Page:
Tapertip Trillium (Trillium viridescens)
Downy Yellow Violet (Viola pubescens)
It’s been some time since I’ve posted about one of my “Biodiversity Targets”, those species that I included on my 2017 list of biodiversity goals. At the end of 2017, I had only tracked down around half of the species on that list, but along the way I amassed a wealth of incredible observations, adventures, and experienced more of our states biodiversity than I ever could have imagined. So I decided that instead of creating a new list or adding to the existing list, I would work over the next couple of years to finish the list I made at the start of 2017; a list that was a bit more ambitious than I had anticipated.
In early April 2018 my pursuit of these species would take me to the far northeast corner of Texas, near the Oklahoma border in search of two species that I have long wanted to see in the state. Joining me in this quest was my friend Scott Wahlberg. We set out early, in the gray of a perfect spring morning.
The counties of far northeast Texas feature a mingling of habitats typical of both the Post Oak Savannah and Pineywoods. Some communities, like the rich hardwood forests of the Sulphur River and Red River and their tributaries are unique to this part of Texas, and more similar to the forests of the Ouachita Mountains of Oklahoma and Arkansas than they are to those of the heart of the Pineywoods in Deep East Texas. Here a sweet of species reach the southwestern limit of their range. Among these are several species that are either absent from, or are very scarce elsewhere in the Pineywoods. Examples of these include trees like Silver Maple (Acer saccharinum), Black Oak (Quercus velutina), Shingle Oak (Quercus imbricaria), and Nutmeg Hickory (Carya myristiciformis). Examples also include woodlands forbs such as Fire Pink (Silene virginica), Rue Anemone (Thalictrum thalictroides), Downy Yellow Violet (Viola pubescens), Tapertip Trillium (Trillium viridescens), and more.
The latter two were the focus of this trip. In Texas, Trillium viridescens occurs in rich hardwood forests on steep river bluffs and in the damp alluvium of riparian woodlands. Here we found it growing among other interesting woodland forbs like Mayapple (Podophyllum peltatum), Veiny Pea (Lathyrus venosus), Wild Hyacinth (Camassia scilloides), and White Trout Lily (Erythronium albidum).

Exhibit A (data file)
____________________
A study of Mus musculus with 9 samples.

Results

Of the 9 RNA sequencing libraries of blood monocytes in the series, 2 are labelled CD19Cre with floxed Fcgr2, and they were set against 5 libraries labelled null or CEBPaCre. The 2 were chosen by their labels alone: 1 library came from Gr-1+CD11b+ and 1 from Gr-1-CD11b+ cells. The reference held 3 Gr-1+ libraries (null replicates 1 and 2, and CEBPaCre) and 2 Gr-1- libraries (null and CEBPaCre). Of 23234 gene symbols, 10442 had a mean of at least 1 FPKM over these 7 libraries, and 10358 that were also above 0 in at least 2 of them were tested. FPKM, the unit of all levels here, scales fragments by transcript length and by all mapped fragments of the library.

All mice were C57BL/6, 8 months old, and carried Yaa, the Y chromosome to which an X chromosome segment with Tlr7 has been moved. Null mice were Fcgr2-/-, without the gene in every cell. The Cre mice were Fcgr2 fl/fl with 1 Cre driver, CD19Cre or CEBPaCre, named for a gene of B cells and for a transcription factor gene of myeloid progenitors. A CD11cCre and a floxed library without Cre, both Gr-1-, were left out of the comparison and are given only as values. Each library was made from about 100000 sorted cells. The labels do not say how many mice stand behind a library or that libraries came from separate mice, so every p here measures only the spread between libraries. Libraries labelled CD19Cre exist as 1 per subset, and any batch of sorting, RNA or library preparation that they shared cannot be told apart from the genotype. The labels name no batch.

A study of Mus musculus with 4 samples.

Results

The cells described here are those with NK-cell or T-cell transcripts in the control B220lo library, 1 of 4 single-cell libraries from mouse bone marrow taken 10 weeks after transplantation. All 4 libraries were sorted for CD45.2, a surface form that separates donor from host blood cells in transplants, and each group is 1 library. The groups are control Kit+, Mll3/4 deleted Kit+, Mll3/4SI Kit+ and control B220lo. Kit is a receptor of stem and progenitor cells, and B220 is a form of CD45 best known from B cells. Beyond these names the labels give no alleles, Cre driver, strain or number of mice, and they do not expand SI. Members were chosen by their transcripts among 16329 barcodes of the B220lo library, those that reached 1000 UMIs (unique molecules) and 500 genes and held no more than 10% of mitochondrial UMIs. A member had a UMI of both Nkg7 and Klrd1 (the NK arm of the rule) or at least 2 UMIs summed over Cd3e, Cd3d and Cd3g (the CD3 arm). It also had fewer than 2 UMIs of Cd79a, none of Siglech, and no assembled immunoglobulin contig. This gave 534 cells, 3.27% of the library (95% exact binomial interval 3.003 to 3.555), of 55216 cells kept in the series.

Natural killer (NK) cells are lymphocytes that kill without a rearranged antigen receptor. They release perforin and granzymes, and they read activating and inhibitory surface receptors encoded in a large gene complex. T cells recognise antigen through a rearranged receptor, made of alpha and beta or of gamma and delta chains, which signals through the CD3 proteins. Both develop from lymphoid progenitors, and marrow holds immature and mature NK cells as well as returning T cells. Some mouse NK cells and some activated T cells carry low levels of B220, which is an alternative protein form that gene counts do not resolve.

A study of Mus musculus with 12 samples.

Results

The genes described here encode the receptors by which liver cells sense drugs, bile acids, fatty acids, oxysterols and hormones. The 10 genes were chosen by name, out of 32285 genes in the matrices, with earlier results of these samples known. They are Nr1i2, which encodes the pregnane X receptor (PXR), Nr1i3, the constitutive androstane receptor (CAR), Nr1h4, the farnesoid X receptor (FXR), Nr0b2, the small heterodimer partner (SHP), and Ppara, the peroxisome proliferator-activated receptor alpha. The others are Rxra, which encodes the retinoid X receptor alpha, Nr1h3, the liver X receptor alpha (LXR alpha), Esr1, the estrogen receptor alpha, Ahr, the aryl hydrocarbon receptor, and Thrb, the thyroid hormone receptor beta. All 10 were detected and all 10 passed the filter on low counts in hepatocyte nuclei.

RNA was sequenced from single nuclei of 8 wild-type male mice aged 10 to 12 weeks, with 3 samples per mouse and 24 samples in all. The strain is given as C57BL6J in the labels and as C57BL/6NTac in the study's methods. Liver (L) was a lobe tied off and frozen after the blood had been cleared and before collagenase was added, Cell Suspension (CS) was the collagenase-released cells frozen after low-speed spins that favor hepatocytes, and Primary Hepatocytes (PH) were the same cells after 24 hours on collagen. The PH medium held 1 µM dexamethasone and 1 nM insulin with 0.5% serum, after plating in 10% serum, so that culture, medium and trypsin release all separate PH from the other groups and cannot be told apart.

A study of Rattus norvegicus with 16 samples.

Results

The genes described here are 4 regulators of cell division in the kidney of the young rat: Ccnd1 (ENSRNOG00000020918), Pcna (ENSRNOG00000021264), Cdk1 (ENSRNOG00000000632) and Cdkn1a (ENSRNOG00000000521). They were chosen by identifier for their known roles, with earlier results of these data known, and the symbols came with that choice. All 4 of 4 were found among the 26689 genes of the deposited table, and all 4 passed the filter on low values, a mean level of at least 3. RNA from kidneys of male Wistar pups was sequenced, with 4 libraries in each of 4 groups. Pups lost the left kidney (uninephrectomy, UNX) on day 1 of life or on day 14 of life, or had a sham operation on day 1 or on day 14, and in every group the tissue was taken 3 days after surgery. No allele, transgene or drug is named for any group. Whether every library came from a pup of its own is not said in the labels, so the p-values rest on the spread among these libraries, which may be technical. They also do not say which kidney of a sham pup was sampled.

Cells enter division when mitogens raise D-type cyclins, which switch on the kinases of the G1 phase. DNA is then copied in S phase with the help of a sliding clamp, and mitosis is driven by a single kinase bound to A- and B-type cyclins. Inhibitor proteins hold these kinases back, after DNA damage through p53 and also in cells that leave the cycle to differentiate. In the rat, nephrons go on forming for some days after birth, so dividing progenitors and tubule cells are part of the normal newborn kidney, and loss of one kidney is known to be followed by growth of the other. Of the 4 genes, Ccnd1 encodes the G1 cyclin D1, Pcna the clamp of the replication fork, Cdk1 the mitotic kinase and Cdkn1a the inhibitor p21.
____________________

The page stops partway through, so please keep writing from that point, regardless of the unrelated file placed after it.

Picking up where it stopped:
Trillium viridescens is a species of the central United States, primarily occurring in the Ozark Plateau, and the Boston and Ouachita Mountains. It barely enters Texas in northeastern portion of the state. The plants in the northern portions of its range generally have petals that grade from purple at the base to bright greenish yellow at the tips. Most Texas individuals, however, tend to be solid maroon to greenish purple.
The sessile-flowered trilliums can be a tricky group. In Texas, three species, T. gracile, T. ludovicianum, and T. viridescens are superficially similar in many ways, however when I first saw T. viridescens in the field it was immediately clear that this species was obviously different from the other two. The T. viridescens plants we observed were much larger and more robust than any T. gracile or T. ludovicianum I had ever seen. Their faintly mottled, broadly ovate leaves were much different than the state’s other trillium species, which have narrower, more heavily mottled leaves. The petals were also much larger. There are other characteristics that can be used to differentiate T. viridescens from the other two species such as a scabrous vs glabrous scape and a number of differences in flower morphology.
Seeing Trillium viridescens in the field certainly left a lasting impression. It was a special moment for me, as it was the last of our state’s five species of trillium that I had left to see. Like all of our other trillium species, T. viridescens is at risk, and is likely declining from a number of factors such as climate change and land use conversion.
Viola pubescens another characteristically eastern species that barely enters Texas in the far northeastern part of the state. It is a yellow-flowered violet that occurs through most also occurs in parts of central United States as far west as the Black Hills of western South Dakota and eastern Wyoming. While I have seen and photographed this species in the southern Appalachians, I had long wanted to see it in Texas.
On that fine spring day, we found it in a mature riparian forest along a small order stream. Shaded by an overstory of Silver Maple, Red Maple, Shumard Oak and Sweegtum, we found it growing alongside a variety of other woodland herb including Podophyllum peltatum, Packera glabella, Packera obovata, Viola sororia, and Erythronium albidum.
While exploring the backgrounds of northeast Texas we spotted several large clumps of Eastern Bluestar (Amsonia tabernaemontana) growing in a remnant prairie. Scott and I stopped a moment to photograph them, and discussed what the area must have looked like before the hand of man left it forever changed. We also pondered the possibility that prairie species like the Southern Crawfish Frog might just still hang on here. Though I haven’t spent much time in this part of the state, I quickly gained an appreciation of just how diverse it really is.
While most of northeast Texas remains rural and relatively undeveloped, there is little public land, and most of these populations are on private land and vulnerable. There is still hope, however. Through conservation efforts with and by private landowners there is hope that these lovely members of our flora remains for future generations to enjoy.